Apologies in advance for this, but dietitians are rather obsessed with bowels. To make this topic more acceptable, think of it as you would, like reading tea leaves at the bottom of a dainty tea cup.
We all do it, even girls, even in public toilets, but we don’t like to talk about it. Yet, by looking at your stools (yes, we’re going posh now with ‘stools’ rather than ‘poo’), you can find out a lot about your diet and lifestyle.
The below image is ‘The Bristol Stool Chart’ which is used to monitor bowels. So what do your stools look like? If its a type 4… hurrah! Well done, you have achieved the perfect stool and can quite smugly stop reading now.
For the rest of you who are still reading, let’s go through why your body is unable to achieve this ‘perfect’ stool. Types 1-3 are signs of constipation. Generally speaking this can be caused by one, or a combination of: not enough fluid intake, exercise or fibre.
Your urine colour is a good place to start with finding out if you are hydrated enough. If it’s anything darker than the colour of straw you need to drink up! How much? 1.6L to 2L of fluid a day. A good idea is to invest in a 1L water bottle and aim to finish it by the time you leave work that day. To meet your fluid quota, you can use any fluid but you shouldn’t be having more than three cups containing caffeine a day (including tea), as caffeine can make you urinate more, making you even more dehydrated. And no, alcohol does not count!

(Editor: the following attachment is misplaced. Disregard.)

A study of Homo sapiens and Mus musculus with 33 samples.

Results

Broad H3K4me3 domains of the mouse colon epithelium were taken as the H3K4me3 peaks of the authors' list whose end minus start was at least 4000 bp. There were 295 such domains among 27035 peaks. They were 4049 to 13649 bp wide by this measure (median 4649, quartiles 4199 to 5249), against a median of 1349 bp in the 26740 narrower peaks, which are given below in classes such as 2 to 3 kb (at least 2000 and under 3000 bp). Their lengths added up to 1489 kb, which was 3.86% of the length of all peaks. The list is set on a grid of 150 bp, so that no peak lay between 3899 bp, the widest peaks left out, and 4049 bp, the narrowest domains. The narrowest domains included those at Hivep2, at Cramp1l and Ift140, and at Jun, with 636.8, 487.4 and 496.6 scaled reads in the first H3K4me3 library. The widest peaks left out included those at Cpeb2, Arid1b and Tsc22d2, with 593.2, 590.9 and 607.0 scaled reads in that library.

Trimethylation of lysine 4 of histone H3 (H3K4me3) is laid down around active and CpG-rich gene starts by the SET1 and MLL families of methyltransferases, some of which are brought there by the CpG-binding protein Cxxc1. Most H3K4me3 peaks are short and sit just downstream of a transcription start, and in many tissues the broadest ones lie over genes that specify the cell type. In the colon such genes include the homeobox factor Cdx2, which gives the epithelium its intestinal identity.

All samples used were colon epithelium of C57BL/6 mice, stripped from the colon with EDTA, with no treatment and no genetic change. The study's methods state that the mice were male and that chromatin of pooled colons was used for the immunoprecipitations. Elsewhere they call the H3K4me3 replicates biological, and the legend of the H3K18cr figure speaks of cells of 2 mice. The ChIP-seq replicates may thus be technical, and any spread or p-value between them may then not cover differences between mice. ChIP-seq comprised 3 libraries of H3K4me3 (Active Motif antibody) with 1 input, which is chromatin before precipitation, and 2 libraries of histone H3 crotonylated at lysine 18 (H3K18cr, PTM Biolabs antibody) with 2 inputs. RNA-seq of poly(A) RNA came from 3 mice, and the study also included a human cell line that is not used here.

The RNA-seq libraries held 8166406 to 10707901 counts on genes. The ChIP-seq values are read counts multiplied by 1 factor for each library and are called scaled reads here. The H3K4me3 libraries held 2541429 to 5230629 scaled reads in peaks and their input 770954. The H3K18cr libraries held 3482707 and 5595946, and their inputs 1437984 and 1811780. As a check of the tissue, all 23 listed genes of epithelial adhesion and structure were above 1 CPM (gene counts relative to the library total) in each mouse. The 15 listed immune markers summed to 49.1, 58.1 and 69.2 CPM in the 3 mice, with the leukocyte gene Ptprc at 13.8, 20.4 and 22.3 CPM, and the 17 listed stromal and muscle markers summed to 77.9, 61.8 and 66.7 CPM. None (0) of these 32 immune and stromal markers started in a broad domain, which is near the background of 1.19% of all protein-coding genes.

In terms of fibre, we’re all individual. By individual, I mean if you religiously have your five portions of fruit and veg a day and have just discovered that you’re actually still on the constipated side, you probably need more. You can find good sources of fibre in fruit, vegetables and brown bread/pasta/rice, etc. Easy ways to increase your fibre intake is to snack on veggie sticks or dried fruit and change all your carbs to the ‘brown’ versions.
Caffeine and alcohol, as regular parts of your diet as they may be, are also drugs. These ‘drugs’ have an effect on your bowel which gets you ‘going’. So try cutting down your alcohol intake and replacing a few caffeinated drinks with the decaf versions through the day. Like these ‘drugs,’ stress has a similar effect on the bowels and can creep up on us subconsciously. While stress is unavoidable these days, take time out each day to chill out like going for a walk/reading a book or having a bath.
Moving on to types 5-7. This is on the rather loose side, which can often be embarrassing as the suffering doesn’t contain itself. Loose stools can be caused by such as food intolerance’s or other gut conditions. However, before you go diagnosing yourself with an allergy, it’s more likely to have been caused by alcohol, caffeine, stress or too much fibre.
Although I have just talked about how important fibre is, equally: enough is enough. If you’re having more than five portions of fruit and vegetables a day combined with ‘brown’ carbs, maybe it’s just too much for your body, so try cutting back to see if you notice a difference.
And finally (not to worry anyone), it goes without saying, there are a few rare conditions and food intolerances which can also cause a change in bowel habit. If you have noticed changes which have lasted more than four to six weeks, please talk to your doctor about it, just to rule out anything a bit more serious than too much stress and fibre.